What is Periodontal Disease?
How is Periodontal Disease Treated?
Periodontal disease is a bacterial infection that penetrates into the gums and into the bone around your teeth, causing inflammation. Periodontal inflammation leads to bone loss, and possibly tooth loss, and may contribute to other serious medical conditions.
The periodontal infection must be removed and the area given a chance to heal. There are generally two levels of treatment for this condition depending upon the severity of your infection.
Scaling and Root Planing
The surface level of infection in the pockets around your teeth can be removed using specialized instruments. This procedure is called, “Scaling and Root Planing," “Phase One Treatment" or “Initial Therapy." It is done under local anesthesia and is quite different from the routine dental cleaning that is traditionally done.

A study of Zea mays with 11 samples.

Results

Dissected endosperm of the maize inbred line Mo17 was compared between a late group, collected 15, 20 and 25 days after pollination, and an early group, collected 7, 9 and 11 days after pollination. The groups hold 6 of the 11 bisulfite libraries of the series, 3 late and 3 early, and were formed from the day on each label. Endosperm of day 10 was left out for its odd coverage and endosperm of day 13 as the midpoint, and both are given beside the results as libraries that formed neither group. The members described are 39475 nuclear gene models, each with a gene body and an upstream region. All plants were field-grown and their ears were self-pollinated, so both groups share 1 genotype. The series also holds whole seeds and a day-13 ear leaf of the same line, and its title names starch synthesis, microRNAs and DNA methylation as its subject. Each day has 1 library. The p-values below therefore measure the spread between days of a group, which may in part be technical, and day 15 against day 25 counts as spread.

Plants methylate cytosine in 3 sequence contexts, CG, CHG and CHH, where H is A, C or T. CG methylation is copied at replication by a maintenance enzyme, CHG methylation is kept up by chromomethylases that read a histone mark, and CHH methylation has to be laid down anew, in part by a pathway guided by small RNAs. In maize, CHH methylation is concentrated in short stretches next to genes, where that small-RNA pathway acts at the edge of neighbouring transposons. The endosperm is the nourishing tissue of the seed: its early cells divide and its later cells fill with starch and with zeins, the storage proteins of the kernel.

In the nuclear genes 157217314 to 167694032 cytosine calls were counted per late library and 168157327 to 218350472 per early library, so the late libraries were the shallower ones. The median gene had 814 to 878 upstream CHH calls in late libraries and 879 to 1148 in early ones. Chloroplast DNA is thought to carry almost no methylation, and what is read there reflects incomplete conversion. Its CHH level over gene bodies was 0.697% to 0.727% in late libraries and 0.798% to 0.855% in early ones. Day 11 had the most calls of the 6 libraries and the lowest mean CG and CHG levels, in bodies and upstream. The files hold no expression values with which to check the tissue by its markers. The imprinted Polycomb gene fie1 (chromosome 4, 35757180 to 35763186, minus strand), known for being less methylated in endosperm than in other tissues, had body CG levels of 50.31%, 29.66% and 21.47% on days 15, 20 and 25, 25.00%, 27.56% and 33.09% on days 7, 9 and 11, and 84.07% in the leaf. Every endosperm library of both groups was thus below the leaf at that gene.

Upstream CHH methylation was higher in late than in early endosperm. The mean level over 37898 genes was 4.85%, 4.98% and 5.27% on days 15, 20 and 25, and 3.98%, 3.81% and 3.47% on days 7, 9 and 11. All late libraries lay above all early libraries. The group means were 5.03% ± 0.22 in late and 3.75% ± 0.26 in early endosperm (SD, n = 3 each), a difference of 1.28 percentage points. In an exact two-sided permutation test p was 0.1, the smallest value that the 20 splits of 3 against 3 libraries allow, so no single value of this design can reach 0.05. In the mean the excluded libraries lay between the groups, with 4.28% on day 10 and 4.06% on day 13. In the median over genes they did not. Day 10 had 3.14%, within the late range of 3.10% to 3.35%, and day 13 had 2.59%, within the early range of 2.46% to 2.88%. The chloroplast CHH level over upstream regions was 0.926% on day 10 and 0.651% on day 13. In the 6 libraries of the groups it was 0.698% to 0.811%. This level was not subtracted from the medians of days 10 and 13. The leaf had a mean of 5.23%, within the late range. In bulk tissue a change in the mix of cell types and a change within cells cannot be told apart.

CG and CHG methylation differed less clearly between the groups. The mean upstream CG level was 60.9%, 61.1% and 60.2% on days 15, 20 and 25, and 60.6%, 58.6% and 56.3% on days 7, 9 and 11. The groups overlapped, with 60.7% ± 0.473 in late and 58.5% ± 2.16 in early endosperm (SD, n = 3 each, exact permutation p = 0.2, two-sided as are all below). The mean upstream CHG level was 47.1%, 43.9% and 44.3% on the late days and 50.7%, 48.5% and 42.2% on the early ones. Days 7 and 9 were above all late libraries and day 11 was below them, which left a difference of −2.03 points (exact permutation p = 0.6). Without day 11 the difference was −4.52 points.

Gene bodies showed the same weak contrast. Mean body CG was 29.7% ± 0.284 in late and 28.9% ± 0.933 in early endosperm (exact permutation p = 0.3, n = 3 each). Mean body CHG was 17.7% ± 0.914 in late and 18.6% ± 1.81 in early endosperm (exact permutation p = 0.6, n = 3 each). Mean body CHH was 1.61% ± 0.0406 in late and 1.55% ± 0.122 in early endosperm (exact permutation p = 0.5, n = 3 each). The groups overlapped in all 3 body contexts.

If your infection has spread into the bone that supports your teeth and is below the level that can be reached, then a surgical procedure can be performed to retract the gums and remove the deeper infection.
This is typically advised when a pocket has formed under the gum. This is a result of the infection dissolving bone. If this has been caught in time and the tooth can be retained, surgery can help by reducing the pocket - sometimes, with pocket reduction surgery and/or bone grafting.
When periodontal disease reaches this lower level, it dissolves the bone around the teeth and can lead to bone loss. Once the infection has been removed, we repair the damaged area with a procedure called Bone Grafting.